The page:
Louis Aime Augustin Le Prince was born in Metz, France, in 1842. He studied art and was a friend of photographic pioneer Jacques Louis Mande Daguerre.
Turning an interest into an invention
Le Prince was invited to Leeds in 1866 to work at Whitley Partners, Engineers in Hunslet as manager of the valve department. He married in to the Whitley family and then started up a photography business in Park Square. There he began experimenting with moving pictures.
At first this was a hobby, but it began taking up more and more of his time and energy. His knowledge of engineering, his work as a professional photographer and with Daguerre aided him in his determination to find a successful method of creating 'animated' pictures.
In 1881 Le Prince's photography took him to New York, where he continued his experiments with moving pictures. In 1888 he obtained patents in several countries on his 'Improvement in method and apparatus for producing animated photographic pictures.' (GB 423 of 1888).
The Multiple Lens
Perhaps reflecting his background in engineering and photography, Le Prince's patent is a detailed specification proposing a multiple lens (up to 16 or more) 'receiver' (camera) and 'deliverer' (projector). The multiple lens idea was an attempt to obtain the necessary speed of pictures – though the British patent also covers a single lens camera. The US Patent Office examiners removed the reference to the single lens, saying that this had been proposed some years previously.
Leaving his family to settle in New York, Le Prince himself returned to Leeds and set up a workshop at 160 Woodhouse Lane where he worked with Frederick Mason and J.W. Longley to build his cameras and projectors. Le Prince shot a moving sequence of film in the Whitleys garden and then a second one of the traffic moving across Leeds Bridge, using his single-lens camera. Some of this film still exists.
The material upon which the image was captured was always a problem and as soon as celluloid became available, Le Prince used it.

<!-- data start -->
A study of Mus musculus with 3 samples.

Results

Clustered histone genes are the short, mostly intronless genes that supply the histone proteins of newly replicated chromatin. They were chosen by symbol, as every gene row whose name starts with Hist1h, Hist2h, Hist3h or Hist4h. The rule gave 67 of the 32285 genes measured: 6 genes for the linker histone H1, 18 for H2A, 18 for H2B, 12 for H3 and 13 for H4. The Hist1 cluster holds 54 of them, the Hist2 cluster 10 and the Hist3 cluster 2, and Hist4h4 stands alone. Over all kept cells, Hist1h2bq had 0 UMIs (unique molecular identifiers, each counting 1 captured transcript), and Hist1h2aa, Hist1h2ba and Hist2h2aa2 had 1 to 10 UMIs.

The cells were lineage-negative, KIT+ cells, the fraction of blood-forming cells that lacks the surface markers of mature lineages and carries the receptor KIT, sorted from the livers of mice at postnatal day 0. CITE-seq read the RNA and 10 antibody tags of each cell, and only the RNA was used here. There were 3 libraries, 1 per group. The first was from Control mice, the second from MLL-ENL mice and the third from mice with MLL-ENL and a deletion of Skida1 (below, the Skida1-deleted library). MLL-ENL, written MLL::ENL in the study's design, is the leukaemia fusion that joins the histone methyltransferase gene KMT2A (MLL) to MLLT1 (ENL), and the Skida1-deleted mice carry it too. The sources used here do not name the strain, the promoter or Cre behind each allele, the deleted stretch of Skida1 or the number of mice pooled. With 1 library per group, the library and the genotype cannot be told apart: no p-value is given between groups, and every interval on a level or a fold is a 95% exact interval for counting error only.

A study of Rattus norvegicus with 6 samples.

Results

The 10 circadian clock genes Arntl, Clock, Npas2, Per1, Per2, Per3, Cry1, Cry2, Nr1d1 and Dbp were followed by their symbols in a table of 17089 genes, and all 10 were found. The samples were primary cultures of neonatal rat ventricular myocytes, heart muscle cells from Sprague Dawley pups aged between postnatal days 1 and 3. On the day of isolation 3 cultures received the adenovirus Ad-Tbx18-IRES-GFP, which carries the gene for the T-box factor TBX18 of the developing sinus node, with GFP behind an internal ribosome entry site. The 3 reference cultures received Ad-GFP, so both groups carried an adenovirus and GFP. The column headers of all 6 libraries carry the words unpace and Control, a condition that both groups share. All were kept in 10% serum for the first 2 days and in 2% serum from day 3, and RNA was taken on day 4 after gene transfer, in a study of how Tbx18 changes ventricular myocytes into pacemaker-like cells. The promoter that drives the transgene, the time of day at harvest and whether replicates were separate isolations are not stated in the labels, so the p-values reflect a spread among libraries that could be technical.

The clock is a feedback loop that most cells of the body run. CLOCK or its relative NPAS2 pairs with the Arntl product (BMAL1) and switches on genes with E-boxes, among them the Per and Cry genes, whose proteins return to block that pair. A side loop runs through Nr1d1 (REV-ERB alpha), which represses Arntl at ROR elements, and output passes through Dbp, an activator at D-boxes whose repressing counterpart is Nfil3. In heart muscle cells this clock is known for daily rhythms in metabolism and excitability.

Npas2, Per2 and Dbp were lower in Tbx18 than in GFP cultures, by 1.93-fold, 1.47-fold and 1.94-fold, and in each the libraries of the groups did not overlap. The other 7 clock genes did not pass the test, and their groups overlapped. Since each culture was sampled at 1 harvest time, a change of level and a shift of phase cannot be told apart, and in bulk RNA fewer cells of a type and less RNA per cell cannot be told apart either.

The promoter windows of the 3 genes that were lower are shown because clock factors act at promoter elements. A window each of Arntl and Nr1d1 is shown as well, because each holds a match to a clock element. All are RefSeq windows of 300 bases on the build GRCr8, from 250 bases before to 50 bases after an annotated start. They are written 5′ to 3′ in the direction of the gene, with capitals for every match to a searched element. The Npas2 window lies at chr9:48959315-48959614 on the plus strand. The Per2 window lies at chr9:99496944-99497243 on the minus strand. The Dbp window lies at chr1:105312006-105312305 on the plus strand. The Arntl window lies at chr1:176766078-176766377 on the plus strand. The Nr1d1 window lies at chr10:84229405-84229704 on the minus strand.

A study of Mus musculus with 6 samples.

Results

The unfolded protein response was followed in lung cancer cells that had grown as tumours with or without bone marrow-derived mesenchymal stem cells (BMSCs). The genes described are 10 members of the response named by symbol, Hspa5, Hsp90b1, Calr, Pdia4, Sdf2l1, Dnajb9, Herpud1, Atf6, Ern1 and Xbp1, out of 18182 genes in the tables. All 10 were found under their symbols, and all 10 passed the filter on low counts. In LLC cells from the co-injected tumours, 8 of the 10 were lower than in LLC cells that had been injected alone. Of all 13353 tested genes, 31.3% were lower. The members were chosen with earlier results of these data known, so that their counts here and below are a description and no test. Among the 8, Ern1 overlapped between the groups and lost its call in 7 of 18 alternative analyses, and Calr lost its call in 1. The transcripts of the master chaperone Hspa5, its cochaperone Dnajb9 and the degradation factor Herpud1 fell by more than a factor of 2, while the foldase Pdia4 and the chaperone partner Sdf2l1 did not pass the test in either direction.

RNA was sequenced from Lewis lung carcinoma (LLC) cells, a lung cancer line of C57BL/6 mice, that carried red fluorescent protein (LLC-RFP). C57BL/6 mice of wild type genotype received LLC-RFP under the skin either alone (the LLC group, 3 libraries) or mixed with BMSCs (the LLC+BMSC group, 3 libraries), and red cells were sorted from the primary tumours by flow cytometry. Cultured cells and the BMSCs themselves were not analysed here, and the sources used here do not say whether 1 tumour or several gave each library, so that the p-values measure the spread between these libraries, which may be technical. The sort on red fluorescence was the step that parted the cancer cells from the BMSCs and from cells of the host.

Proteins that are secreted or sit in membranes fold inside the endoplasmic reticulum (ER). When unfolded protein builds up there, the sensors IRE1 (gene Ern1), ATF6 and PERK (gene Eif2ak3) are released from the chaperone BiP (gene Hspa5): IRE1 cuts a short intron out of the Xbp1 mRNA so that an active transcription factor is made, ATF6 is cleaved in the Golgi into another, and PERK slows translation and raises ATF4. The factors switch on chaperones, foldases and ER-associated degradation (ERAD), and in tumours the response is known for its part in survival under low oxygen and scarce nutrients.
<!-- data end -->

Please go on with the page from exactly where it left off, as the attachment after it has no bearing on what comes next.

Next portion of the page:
A mysterious disappearance
In 1890 Le Prince was preparing to move to New York to rejoin his family. Before doing so he went to visit his brother in Dijon. On 16 September 1890 he got on a train for Paris – and disappeared. Enquiries by Scotland Yard, among others, drew a blank and he was never seen again.
There have been various theories as to what happened to Le Prince. It was said that his experiments with moving pictures had brought financial disaster and that he had joined the Foreign Legion to save his family from the disgrace of bankruptcy. However, because his death was never confirmed they were unable to benefit from his patents.
Another theory was that Le Prince had been kidnapped by someone employed by rival inventors who were also working on moving pictures. Yet, recently, stories have emerged of a photograph held in the Paris police archives since the 1890s of a drowned man resembling Le Prince.
There is no doubt that the equipment required, particularly for projection, was expensive and obtaining funding was a constant problem for cinema pioneers. This has led to a common view that Le Prince had overstretched his finances and therefore took his own life.
Although Le Prince never achieved as much as he would have liked with his 'animations' there is no doubt that through his work cinematography took great steps forward. Today he is considered to be a very important figure in the development of moving pictures.